NEW YORK — Coach is knitting something special for fall.
The accessories house is teaming up with cashmere label Lutz & Patmos for a capsule line of women's knitwear. The launch collection, scheduled to reach Coach flagships in October, will consist of at least six pieces made of cashmere and wool, sometimes mixed with fur and leather.
Coach president and executive creative director Reed Krakoff will collaborate with Lutz & Patmos designers Tina Lutz and Marcia Patmos on the project, which is slated to continue at least through spring 2007. The knitwear will be labeled Coach.
Retail prices will range from $300 to $1,500. Krakoff didn't disclose sales projections. In the six months ended Dec. 31, Coach's sales rose 25.5 percent to $1.1 billion.
"We are always looking for new areas to expand on what we do, and to add texture and newness to the store environment and the consumer experience," Krakoff told WWD. "We had done kids' and babies' items and a little bit of jewelry. We started thinking about what we'd like to do this year and one of the things was knitwear."
Krakoff met the of-the-moment cashmere designers as a judge for the CFDA/Vogue Fashion Fund awards, which featured Lutz & Patmos as finalists. The three found their aesthetic visions were not too dissimilar.
"They are very much about quality and they shared a design aesthetic that we felt was similar, which was not overly designed, functional and still chic and fashionable," Krakoff said.
For the new sweater collection, Krakoff, Lutz and Patmos dug into Coach's archives for inspiration and incorporated turnlock closures, buckles and swatches of leather into the designs. Some sweaters feature C-logo embroidery, while others will use a Coach dog leash as a belt. Many color tones are taken from vintage Bonnie Cashin designs. Cashin was hired as a designer for Coach in 1964 to create a women's accessories line.
"We were inspired by Coach's past," Lutz said. "We looked at all the heritage pieces. Coach has so many key elements, like the turnlock closure and other hardware. It's great to work with these iconic Coach elements."Krakoff added, "The sweaters are in keeping with the collection that we are launching this fall called Legacy. We wanted the knitwear collection to be functional. It's very much in the Coach aesthetic, which is casual chic, very American and easy to wear."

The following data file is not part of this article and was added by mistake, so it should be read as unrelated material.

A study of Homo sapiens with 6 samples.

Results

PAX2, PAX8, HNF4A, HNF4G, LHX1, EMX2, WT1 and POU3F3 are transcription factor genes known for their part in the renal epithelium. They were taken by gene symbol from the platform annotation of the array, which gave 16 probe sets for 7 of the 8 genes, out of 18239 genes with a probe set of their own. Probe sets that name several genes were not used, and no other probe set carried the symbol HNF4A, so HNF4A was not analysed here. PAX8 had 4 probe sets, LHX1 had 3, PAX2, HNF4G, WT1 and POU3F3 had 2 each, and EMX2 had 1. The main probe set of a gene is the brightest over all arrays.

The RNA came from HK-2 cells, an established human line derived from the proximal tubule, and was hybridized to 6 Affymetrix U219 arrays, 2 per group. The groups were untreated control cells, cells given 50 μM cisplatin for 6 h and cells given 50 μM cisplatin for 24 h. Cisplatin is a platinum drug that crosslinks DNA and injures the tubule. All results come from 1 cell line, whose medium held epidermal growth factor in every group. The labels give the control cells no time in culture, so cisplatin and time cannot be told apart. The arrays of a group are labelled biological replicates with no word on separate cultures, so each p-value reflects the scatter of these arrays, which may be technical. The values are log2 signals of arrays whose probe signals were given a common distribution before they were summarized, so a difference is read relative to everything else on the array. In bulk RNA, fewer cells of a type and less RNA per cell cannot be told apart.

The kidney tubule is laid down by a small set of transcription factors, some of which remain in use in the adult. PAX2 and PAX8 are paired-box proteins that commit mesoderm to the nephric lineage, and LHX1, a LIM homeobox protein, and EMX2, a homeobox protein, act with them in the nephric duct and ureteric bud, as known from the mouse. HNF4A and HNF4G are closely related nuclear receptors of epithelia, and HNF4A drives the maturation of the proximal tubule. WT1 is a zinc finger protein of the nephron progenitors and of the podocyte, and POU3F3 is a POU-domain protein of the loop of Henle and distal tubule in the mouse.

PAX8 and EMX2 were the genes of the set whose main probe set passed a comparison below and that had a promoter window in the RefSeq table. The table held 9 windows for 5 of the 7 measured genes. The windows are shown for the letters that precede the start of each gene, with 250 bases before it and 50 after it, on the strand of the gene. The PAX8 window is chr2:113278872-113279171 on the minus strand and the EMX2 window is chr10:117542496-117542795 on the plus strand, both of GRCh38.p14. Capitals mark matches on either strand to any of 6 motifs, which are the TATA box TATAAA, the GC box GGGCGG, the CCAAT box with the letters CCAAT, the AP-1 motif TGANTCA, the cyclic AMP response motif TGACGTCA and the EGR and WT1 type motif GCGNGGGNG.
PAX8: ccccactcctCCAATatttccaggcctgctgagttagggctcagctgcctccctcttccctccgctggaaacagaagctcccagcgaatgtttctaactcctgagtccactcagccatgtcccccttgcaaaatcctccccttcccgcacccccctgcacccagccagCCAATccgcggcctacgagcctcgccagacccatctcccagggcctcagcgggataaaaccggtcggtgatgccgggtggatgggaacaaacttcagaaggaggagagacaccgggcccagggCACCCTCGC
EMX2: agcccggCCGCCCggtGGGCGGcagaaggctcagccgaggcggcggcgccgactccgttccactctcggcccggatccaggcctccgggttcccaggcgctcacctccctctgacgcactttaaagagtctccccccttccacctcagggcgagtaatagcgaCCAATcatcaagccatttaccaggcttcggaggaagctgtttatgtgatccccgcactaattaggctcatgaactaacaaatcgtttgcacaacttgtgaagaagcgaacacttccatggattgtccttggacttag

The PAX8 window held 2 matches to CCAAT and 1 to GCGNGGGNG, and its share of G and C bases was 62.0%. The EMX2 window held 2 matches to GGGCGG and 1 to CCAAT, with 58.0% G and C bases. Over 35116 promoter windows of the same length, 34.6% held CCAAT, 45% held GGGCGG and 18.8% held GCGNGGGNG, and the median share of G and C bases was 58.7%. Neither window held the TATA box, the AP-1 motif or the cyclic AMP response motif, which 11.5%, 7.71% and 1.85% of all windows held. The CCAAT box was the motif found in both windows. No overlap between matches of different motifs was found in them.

Lutz and Patmos met in 1995 and connected over their shared interest in knitwear. They founded their label in 2000, and since fall 2001 have invited guest designers, asking them to create their ideal cashmere sweater. The guest designers have included Christy Turlington, Sofia Coppola, industrial designer Yves Béhar and photographer Inez Van Lamsveerde. During New York Fashion Week earlier this month, the duo unveiled a sweater designed with French Vogue editor in chief Carine Roitfeld, and the next guest designer will be stylist L'Wren Scott.
Lutz said the Coach collection is different in that it is a true collaboration between Patmos, Krakoff and her.
"We know about Coach's history and closely watched its success and turnaround in the last few years," Lutz said. "It's so fascinating to get another point of view and to dive into a history that is completely new to us, profit from its heritage and make a line of sweaters around it."
This is the first time Coach has collaborated with independent designers. Krakoff didn't rule out future collaborations of such a nature, though he added: "It's really on a case-by-case basis. We are enjoying this project. We will see how it goes."
In the past, Krakoff has repeatedly stated that Coach is not interested in launching a full apparel collection, a point he reiterated on Wednesday.
"This is just an extension, which happens to be in clothing, but it's no different than when we do outerwear pieces," he said. "We have no interest in being in the apparel business. We wanted to do it to fill out our assortment in the store environment, and keep the floors looking exciting and surprising to people. Each new category brings a slightly different take and fleshes out who the Coach woman is."